Career Coach: What to do when someone pulls rank?

Rankism leads to lowered morale and productivity, loss of talent, and disgruntled employees. Photo / iStock
Rankism leads to lowered morale and productivity, loss of talent, and disgruntled employees. Photo / iStock

Have you ever witnessed someone "pulling rank" on another person who is lower than them in the organisation's hierarchy? They make abusive or manipulative comments, act disrespectfully to others or take advantage of them. They abuse their power or perceived power.

The term "rankism" was used by Robert W. Fuller in his book, "Somebodies and Nobodies: Overcoming the Abuse of Rank," as treating people that we perceived to be lesser than us in a lesser manner simply because we can. Acting in a superior way in an attempt to get what we want (such as eliminating the competition so that we can win at all costs) or feel better about ourselves. It can take many forms, including:

• Exploiting your position to obtain unwarranted advantages and benefits, such as a senior leader rewarding him/herself with extra perks

• Abusing a position of power, such as a tenured faculty member telling students they can do "what they want in the classroom since they can't be fired," or a religious leader exploiting an employee

• Using rank as a cover to insult or humiliate others

It can (and does) occur in any social hierarchy.

Every day we see examples of rankism, from parents beating up on their children, doctors yelling at nurses, teachers treating students badly, customers being demanding of waiters, seniors hazing freshman in schools, etc.

In the workplace, rankism leads to lowered morale and productivity, loss of talent, and disgruntled employees. Those being abused feel degraded, disrespected, and demeaned. Similar to harassment at work, instead of being able to focus on work activities and performance, individuals are consumed with either engaging in rankism behaviors or are subject to the abuses of rankism and suffer due to this. Researchers have also shown that it damages attempts by an organization to develop an inclusive workplace that is appreciative of diverse employees.

It would seem that those being abused by others in higher positions of power would simply speak up and defend themselves. But often this does not happen.

People just go along for a variety of reasons; they may fear the consequences if they speak up. They may be talked about, ostracized or treated even worse. What they may do instead is continue to work, but without the same sense of spirit or energy. They become less engaged and look for opportunities to leave. This can be highly damaging to a firm when they lose valuable talent, and yet they may never know the "real reason" some individuals leave the firm.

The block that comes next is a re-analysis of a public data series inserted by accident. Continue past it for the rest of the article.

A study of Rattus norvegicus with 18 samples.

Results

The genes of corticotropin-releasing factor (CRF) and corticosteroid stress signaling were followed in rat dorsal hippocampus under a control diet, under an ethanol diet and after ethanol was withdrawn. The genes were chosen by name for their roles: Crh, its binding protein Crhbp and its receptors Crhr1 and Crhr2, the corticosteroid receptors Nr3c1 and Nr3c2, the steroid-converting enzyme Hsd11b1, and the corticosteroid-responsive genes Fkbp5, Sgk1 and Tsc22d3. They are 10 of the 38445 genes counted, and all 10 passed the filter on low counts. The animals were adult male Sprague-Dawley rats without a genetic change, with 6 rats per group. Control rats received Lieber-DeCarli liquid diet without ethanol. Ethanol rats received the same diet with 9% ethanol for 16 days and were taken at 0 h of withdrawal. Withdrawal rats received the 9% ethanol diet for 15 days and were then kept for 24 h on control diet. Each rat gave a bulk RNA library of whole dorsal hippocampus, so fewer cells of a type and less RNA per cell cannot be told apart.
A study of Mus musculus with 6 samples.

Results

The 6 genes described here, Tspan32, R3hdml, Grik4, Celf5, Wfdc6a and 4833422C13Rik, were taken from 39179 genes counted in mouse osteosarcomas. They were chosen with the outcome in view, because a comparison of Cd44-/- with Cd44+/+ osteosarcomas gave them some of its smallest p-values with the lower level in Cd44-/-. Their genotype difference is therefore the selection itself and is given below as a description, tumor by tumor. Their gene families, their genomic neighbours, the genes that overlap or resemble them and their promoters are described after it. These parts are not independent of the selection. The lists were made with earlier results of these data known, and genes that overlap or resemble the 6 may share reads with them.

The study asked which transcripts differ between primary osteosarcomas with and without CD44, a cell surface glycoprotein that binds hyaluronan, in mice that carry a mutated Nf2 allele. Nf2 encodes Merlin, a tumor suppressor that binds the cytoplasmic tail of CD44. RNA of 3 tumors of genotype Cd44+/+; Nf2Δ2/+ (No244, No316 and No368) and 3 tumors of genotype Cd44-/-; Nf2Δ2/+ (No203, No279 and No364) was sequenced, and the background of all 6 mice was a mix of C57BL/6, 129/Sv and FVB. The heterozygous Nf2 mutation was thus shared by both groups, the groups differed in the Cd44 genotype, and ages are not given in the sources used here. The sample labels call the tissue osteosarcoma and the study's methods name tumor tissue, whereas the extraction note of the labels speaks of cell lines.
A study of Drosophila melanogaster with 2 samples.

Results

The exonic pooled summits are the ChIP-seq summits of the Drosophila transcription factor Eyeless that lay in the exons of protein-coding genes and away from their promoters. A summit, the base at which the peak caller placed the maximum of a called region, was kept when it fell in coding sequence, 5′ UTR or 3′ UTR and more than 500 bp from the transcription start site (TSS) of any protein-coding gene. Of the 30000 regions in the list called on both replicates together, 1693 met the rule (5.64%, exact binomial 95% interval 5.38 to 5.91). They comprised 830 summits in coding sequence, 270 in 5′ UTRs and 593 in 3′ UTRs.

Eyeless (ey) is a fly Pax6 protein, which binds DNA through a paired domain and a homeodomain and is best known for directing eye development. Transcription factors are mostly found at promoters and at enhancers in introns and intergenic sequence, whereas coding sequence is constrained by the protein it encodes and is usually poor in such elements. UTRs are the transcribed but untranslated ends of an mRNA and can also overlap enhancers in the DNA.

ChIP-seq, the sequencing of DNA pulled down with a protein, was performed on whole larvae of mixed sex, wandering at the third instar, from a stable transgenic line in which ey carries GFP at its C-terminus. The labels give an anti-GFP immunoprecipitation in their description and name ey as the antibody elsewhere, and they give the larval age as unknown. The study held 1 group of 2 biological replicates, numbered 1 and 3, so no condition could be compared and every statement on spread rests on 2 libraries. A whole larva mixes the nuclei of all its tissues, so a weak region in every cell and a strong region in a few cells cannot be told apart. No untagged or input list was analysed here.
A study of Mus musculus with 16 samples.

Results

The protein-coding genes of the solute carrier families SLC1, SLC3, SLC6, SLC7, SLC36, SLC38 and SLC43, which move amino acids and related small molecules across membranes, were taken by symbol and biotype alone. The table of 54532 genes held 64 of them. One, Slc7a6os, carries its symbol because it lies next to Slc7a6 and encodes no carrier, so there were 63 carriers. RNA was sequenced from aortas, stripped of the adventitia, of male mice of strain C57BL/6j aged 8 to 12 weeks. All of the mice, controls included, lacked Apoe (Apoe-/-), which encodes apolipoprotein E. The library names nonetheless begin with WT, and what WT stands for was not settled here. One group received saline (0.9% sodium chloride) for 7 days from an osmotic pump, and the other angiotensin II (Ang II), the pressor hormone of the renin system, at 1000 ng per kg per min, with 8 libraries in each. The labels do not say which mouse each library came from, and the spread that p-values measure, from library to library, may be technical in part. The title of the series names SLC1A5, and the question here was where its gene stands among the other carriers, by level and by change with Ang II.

Here are some thoughts for dealing with rankism at work:

• Individuals at work take their cues from the top. For any "ism" (sexism, racism, rankism) to end, the senior leader has to ensure that his/her culture will not tolerate it. The top leader must demonstrate that not only does he/she not engage in rankism behaviors, but more importantly, that they stop them once they see them.

• Employees have to feel comfortable being able to speak up. You know you have a rankism culture if people are fearful of speaking up and questioning things.

• Having project teams where the leader shifts from time to time so rankism has less opportunity to exist might be a valuable strategy.

• Ensuring that the compensation systems do not reinforce rankism. For instance, if the pay of senior leaders and the CEO is significantly above the lowest employee (as is often the case in the U.S.), this perpetuates the belief that some individuals are worth significantly more than others in the firm.

• Listen to everyone, especially those at lower levels in the organisation. Follow the principle of management by walking around to meet employees at their work places and ask them how things are going and listen to what they have to say. Then, act on what they have told you. Listening alone is not enough.

Rankism is difficult to address and to remedy, but it is critical to deal with it and eliminate it if an organisation is to truly value the contributions and talents of everyone in the firm. It isn't that rank itself is the problem. What is at issue is the abuse of rank or power.

Sometimes the best way to challenge or address rankism is to "pull rank" and have a person who outranks the offender call them on it and insist they stop.

- Washington Post

Joyce E. A. Russell is the senior associate dean at the University of Maryland's Robert H. Smith School of Business. She is a licensed industrial and organizational psychologist and has more than 25 years of experience coaching executives and consulting on leadership, career management, and negotiations.